A year ago, we asked what could possibly be the "value" in "cracking down on piracy" if that didn't then lead to increased sales. It's an issue that we've dealt with time and time again. We ask people a simple question: would you rather stop piracy or make more money? Most people note that the latter is the real goal. If the former does not lead to the latter
then what good does "stopping piracy" actually do? The answer is none at all. The latest data out of France shows that, despite Hadopi (the administrators of the 3 strikes program) claiming some sort of victory because stats on file sharing are down, the bigger issue is that the sale of recorded music keeps declining
. Digital Music News, who normally supports the the "anti-piracy" side of things, has some slides from French labels that show that sales keep decreasing, even as Hadopi highlights a big drop in file sharing and the use of cyberlockers. But all that really matters is this one:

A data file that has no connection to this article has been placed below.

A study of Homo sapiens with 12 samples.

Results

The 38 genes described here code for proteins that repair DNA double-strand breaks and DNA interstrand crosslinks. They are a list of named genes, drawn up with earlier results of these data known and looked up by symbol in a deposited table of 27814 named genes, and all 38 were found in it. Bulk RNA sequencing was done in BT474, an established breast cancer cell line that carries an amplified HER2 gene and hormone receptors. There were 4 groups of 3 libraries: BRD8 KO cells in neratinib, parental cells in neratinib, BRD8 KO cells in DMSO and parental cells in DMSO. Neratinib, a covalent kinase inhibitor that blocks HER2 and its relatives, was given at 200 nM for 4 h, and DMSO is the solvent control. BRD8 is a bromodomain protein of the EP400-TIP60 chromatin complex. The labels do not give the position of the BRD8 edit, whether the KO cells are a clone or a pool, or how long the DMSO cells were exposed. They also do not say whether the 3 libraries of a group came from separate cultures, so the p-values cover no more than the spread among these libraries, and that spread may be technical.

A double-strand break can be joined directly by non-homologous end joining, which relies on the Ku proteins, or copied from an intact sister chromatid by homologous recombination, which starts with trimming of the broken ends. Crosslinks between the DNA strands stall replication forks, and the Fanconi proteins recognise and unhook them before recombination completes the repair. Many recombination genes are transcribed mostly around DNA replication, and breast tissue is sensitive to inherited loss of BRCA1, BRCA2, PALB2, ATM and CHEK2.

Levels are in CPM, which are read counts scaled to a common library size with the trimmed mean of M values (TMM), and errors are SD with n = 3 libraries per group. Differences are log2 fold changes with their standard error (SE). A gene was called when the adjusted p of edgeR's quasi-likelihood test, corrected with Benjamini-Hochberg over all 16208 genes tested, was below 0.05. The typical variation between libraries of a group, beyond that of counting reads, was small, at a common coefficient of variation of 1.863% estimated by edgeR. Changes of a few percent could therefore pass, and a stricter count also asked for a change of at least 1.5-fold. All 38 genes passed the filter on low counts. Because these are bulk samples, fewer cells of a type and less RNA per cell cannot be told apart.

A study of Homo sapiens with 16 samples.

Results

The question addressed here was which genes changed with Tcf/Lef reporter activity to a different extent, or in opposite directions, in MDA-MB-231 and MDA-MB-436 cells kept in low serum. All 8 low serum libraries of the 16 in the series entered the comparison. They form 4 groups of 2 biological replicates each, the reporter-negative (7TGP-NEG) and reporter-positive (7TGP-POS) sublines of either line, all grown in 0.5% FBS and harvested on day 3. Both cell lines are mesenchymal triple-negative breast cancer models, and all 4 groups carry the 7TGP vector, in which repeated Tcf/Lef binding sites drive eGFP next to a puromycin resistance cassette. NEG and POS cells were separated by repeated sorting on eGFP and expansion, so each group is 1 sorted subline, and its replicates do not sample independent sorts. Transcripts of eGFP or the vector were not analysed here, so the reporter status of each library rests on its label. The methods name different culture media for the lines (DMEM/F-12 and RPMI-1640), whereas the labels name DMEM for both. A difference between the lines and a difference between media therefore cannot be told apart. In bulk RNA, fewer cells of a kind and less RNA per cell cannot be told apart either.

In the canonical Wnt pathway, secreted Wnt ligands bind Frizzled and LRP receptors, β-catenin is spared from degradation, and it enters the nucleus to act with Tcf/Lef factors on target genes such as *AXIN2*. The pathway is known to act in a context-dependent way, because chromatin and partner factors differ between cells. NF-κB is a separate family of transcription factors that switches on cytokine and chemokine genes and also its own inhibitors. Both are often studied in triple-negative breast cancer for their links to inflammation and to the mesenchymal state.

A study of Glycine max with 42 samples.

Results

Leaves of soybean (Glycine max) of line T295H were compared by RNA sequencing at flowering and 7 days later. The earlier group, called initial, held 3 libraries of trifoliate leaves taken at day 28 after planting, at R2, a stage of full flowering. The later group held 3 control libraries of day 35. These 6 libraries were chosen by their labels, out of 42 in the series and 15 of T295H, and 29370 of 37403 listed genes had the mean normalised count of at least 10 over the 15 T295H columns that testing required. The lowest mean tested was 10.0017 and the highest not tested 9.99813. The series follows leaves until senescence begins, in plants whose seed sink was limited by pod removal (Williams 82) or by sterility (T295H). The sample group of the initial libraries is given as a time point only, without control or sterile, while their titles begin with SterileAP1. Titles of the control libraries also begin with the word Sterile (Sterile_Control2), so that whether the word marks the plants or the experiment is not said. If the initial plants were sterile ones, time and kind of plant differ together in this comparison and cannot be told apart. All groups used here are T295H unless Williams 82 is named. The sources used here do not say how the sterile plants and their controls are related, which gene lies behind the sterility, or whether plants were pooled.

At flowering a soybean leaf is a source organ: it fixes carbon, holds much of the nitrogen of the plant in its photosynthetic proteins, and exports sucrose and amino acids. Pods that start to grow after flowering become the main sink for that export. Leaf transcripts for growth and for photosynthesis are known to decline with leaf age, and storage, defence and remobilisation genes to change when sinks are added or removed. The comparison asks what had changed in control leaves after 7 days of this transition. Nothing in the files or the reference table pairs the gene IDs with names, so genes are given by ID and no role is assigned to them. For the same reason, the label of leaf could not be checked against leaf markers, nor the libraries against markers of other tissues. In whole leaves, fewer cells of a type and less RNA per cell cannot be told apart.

This is the key point that we've been making for well over a decade now. "Fighting" piracy is not the same as making more money. The focus should be on figuring out ways to make money. Even if we believe that copyright infringement is a bad thing, if efforts to stop it are both expensive and ineffective, why continue?
It makes absolutely no sense. Instead, let's focus on the areas of the industry that have shown that they are expanding and where there's lots of money to be made for those who embrace them.
Oh, and for what it's worth, you have to imagine that the "declines" reported in file sharing and cyberlockers severely undercounts those things too, as using some rather basic tools can let people hide that sort of information from being collected -- and the efforts by Hadopi to "educate" the public likely educated them about how to use VPNs. It does not appear to have educated them to go back to buying at the same levels as the artificially inflated rates in the past.